This buttercup-yellow plate was made by Fanny Levine, a member of the Saturday Evening Girls Club. Founded in 1899 by Edith Guerrier, a librarian, and Edith Brown, an illustrator, the Saturday Evening Girls Club was a charitable organization dedicated to the education of poor immigrant women, particularly Jewish and Italian, living in the North End of Boston. As it was originally associated with the Boston Public Library, the club initially served to teach its members about art, literature, and etiquette. Like Jane Addams’s Hull House in Chicago, the Saturday Evening Girls Club also attempted to “Americanize” the young women through technical training in craft. The Club focused particularly on teaching its members pottery making and painting, allowing them to execute pieces designed by women like Edith Brown. Influenced by the British Arts and Crafts Movement, the SEG believed that the process of making objects by hand was an uplifting endeavor. Writers such as John Ruskin and William Morris promoted a return to craft—away from industrialization—in order to create a utopian world, a doctrine that resonated with charitable organizations in the United States.
In 1907, Guerrier decided to turn the SEG into a commercial enterprise. With the financial backing of Helen Osborne Storrow, the Club purchased a house on Hull Street in Boston that would serve as a studio, shop, and apartment for the designers. Called the Paul Revere Pottery because of its proximity to Old North Church—where the lanterns that signaled the British invasion in 1775 were hung—the company specialized in breakfast ware, tea sets, and tiles. The simple designs, like the stylized lotus pattern on this plate, were often painted in shades of yellow, blue, and green. Many of Fanny Levine’s works feature the same yellow glaze. With its distinctive graphic style and bold patterns, the pottery was popular in the Northeast and as far away as Chicago. Priced within the reach of the middle class, plate or tea sets were popular gifts for children, especially as many of the designs featured rabbits or birds.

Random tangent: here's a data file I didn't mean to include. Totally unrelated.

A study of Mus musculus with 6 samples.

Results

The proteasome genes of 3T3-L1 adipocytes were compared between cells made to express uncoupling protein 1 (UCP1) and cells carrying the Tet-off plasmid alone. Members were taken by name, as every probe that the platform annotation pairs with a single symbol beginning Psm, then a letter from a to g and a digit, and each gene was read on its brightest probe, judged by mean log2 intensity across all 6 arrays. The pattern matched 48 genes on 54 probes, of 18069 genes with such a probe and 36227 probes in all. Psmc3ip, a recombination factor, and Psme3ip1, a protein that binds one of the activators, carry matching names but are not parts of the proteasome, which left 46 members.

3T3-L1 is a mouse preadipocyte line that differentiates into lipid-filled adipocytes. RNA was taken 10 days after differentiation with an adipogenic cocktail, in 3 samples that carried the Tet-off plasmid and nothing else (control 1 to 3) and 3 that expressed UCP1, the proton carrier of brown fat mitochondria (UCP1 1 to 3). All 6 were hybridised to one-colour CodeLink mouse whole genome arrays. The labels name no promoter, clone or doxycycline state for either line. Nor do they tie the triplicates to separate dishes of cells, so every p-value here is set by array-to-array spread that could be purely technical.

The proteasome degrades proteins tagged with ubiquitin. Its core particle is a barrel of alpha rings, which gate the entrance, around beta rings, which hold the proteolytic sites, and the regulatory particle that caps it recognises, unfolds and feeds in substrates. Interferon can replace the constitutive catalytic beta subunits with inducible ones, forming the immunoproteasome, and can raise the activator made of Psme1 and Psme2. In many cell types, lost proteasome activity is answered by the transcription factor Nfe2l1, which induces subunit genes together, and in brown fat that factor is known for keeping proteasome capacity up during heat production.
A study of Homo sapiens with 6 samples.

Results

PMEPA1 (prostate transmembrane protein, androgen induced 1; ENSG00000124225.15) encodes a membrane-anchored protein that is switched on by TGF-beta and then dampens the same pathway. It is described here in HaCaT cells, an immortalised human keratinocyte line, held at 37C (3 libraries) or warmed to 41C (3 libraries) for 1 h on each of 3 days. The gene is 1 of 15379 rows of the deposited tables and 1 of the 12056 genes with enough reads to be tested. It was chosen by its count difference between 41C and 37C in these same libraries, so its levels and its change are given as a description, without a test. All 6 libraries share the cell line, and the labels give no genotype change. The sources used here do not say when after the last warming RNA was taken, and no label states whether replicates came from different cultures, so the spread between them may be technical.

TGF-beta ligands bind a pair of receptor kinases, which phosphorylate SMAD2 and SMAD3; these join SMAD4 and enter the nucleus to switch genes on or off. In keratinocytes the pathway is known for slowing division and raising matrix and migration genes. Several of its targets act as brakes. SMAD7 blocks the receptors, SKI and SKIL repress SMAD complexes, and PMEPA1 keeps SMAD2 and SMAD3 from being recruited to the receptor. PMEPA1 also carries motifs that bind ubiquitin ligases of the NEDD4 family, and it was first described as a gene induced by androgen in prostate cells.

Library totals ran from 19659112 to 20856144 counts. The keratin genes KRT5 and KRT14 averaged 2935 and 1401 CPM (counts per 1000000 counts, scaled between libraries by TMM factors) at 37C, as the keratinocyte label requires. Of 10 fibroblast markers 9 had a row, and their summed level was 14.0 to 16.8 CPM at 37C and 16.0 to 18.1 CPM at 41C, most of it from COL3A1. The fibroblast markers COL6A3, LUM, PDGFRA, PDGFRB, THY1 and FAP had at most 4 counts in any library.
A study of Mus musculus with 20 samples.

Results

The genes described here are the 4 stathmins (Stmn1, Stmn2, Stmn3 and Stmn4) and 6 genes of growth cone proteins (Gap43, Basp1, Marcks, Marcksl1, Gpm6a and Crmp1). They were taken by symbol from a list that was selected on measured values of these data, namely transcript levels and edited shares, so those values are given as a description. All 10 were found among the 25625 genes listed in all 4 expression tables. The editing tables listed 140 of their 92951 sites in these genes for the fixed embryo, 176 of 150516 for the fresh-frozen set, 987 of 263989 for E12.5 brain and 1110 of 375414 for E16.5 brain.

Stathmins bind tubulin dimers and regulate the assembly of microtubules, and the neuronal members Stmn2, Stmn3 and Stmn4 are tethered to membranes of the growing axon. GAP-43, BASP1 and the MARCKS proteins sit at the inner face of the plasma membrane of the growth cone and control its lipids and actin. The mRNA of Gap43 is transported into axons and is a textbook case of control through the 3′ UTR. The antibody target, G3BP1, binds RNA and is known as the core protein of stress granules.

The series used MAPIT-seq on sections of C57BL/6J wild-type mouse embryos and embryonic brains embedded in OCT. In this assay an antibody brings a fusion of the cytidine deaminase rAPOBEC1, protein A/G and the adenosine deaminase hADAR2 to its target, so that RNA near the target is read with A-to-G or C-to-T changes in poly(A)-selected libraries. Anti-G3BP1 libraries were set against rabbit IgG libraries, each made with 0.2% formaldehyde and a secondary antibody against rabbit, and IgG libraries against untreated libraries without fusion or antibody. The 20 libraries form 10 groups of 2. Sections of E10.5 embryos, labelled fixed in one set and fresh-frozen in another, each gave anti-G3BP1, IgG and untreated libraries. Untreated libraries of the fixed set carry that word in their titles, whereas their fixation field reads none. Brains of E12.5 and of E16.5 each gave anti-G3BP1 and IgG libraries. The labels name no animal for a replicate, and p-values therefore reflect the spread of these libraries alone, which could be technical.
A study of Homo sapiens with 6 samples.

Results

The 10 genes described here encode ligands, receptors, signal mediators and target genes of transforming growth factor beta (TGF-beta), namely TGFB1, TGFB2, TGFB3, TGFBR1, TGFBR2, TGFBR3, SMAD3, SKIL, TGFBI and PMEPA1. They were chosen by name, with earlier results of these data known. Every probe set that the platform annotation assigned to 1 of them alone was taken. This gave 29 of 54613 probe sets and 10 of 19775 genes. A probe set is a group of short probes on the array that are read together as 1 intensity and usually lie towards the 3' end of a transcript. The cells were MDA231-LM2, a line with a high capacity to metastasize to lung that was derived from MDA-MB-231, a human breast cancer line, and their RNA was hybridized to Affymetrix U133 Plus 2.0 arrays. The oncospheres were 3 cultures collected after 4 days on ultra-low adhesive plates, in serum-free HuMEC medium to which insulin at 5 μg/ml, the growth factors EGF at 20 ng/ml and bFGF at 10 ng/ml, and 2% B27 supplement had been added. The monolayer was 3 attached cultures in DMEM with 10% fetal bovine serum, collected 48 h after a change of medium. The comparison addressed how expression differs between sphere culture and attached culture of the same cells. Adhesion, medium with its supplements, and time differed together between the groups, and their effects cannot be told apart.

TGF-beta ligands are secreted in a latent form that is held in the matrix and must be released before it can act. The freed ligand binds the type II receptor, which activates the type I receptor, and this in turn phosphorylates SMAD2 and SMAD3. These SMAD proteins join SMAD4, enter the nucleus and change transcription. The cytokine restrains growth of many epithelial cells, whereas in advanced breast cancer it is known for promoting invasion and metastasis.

Fanny Levine was one of the most prolific SEG painters; she was active from the early 1910s until the mid-1920s. Young women like Fanny often did not finish school. However, through the Club, they were able to learn a trade, providing them with an alternative to labor in a factory. From their paintings, the girls could earn a small amount of money to help support their families. Plates such as this one represent an important moment in early twentieth-century American philanthropy, which saw craft as a means to improve the lives of their makers.
Elizabeth Mattison is a senior at Yale University, expecting to receive her BA and MA from Yale University in May 2014. She is currently writing a thesis on the development of narrative sculpture in late medieval Amiens, France. She was a summer 2013 curatorial intern in Cooper-Hewitt's Product Design and Decorative Arts Department.